Does it seem like all the cooperatives around you are engaged in merger or acquisition talks? The flagging farm economy and global competition has resulted in an increase in unions. The number of co-ops in the country has dropped from 6,445 to about 2,100 over the past four decades, and the pace of consolidation is accelerating.
Perhaps you are just beginning to talk with the CEO of another company or your board has scheduled its initial meeting to discuss the feasibility of joining forces. Now is the time to make a plan to communicate with your members, employees and the surrounding communities. It’s not a question of whether or not your informal or formal discussions with another co-op or company will get out—it’s a matter of when. That is why you need a plan that will advance the truth before the rumor mill kicks in.
That plan should involve:
The Schedule. Detail when you will communicate. Will you release a statement initially, telling the members and the general public you are involved in talks? Or will you wait until you have substantial evidence of benefit and are ready to schedule a member vote?
The Content. What will be the substance of your communication? Most importantly, how will you answer the members’ all-important question, “What is in it for me?”
Tell members early
Releasing as much truth as you can as soon as you can to members and the general public is to your advantage. It’ll help avoid potential negative facts being invented and passed around the coffee shop. For example, you don’t want someone to say: “I heard from Fred that the co-op is trying to sell out our good name and move our headquarters far, far away.” Instead, you want the banter to be the latest information you released: “This merger will improve agronomy services because a larger fleet will be able to move applicators from one part of our expanded market area to another—depending on the weather. Members will get faster service in the spring.”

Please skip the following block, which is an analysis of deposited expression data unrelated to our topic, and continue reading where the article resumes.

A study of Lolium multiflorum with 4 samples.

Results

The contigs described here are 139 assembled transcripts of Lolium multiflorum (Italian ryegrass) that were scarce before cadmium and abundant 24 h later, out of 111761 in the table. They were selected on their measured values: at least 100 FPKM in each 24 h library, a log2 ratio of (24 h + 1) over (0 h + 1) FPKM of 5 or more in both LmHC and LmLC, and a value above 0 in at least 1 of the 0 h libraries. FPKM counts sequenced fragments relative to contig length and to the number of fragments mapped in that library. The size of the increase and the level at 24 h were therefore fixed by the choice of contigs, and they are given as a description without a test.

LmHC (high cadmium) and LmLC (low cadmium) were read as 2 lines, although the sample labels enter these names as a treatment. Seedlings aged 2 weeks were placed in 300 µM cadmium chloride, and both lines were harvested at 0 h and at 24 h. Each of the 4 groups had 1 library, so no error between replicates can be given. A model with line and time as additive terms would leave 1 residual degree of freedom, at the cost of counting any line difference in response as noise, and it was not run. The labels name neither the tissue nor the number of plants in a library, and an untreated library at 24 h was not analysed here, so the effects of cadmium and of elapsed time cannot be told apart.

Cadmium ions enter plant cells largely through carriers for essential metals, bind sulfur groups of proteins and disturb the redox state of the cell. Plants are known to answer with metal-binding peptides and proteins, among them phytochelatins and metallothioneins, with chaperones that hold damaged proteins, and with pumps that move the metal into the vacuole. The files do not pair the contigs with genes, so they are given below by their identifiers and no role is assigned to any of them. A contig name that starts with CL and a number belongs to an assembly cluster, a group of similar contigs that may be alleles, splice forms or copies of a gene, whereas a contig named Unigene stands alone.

Make them partners in the deal
The worst thing that can happen in co-op merger talks is for a member to look at the deal from an outsider’s perspective. In a private company, a shareholder who has received dividends over the years is much more likely to abide secrecy in merger negotiations than a co-op member. He or she has been told repeatedly, "You own and control the company.” Moreover, it is not just dividends that a co-op member is after. It is service and a fair price. The results of a merger are far more personal to a member who needs to feel like they are part of any deal. The earlier your members can “own” a proposed merger, the more likely they are to record an enthusiastic “yes” either by their patronage of an acquisition or by their vote to merge.
A co-op manager I worked with had a practice of making the members a partner to anything major that happened within the company, whether it was an expansion of facilities and services, a merger or an acquisition.
“Before we get started, I tell them what we’re going to do and why we are going to do it,” he said. “Then, after we’ve started, I tell them what we’re doing and remind them of why we’re doing it.” In doing so, this manager made the members feel like, “This is my project!” The expansion, merger or acquisition became an extension of what they were doing on their own farm or ranch—so they supported it.
What’s in it for me?
The bottom line of successful merger communication is to keep the question “What’s in it for me?” top of mind. A proposed union may save money by sharing the cost of certain fixed assets or spreading insurance premiums over a larger organization. It may provide greater buying power or a healthier market for the grain your cooperative handles. But if you fail to translate that into direct or indirect member benefits, the initiative may not succeed. Why? The members may not see a personal advantage in voting “yes” or in continuing to do business with the larger organization.
Before releasing any information on merger talks, scheduled votes or potential union dates, always ask, “Does this information answer the ‘What’s in it for me?’ question our members are sure to ask?’”
Senior journalist Dave Aeilts has been helping VistaComm clients with merger and acquisition communications for more than two decades. Be sure to visit the VistaComm blog site again for Part 2 of Dave’s 3-part series on merger communication, “Don’t forget employees.” If your organization needs help communicating change, or even starting a communication program, put our expertise to work for you.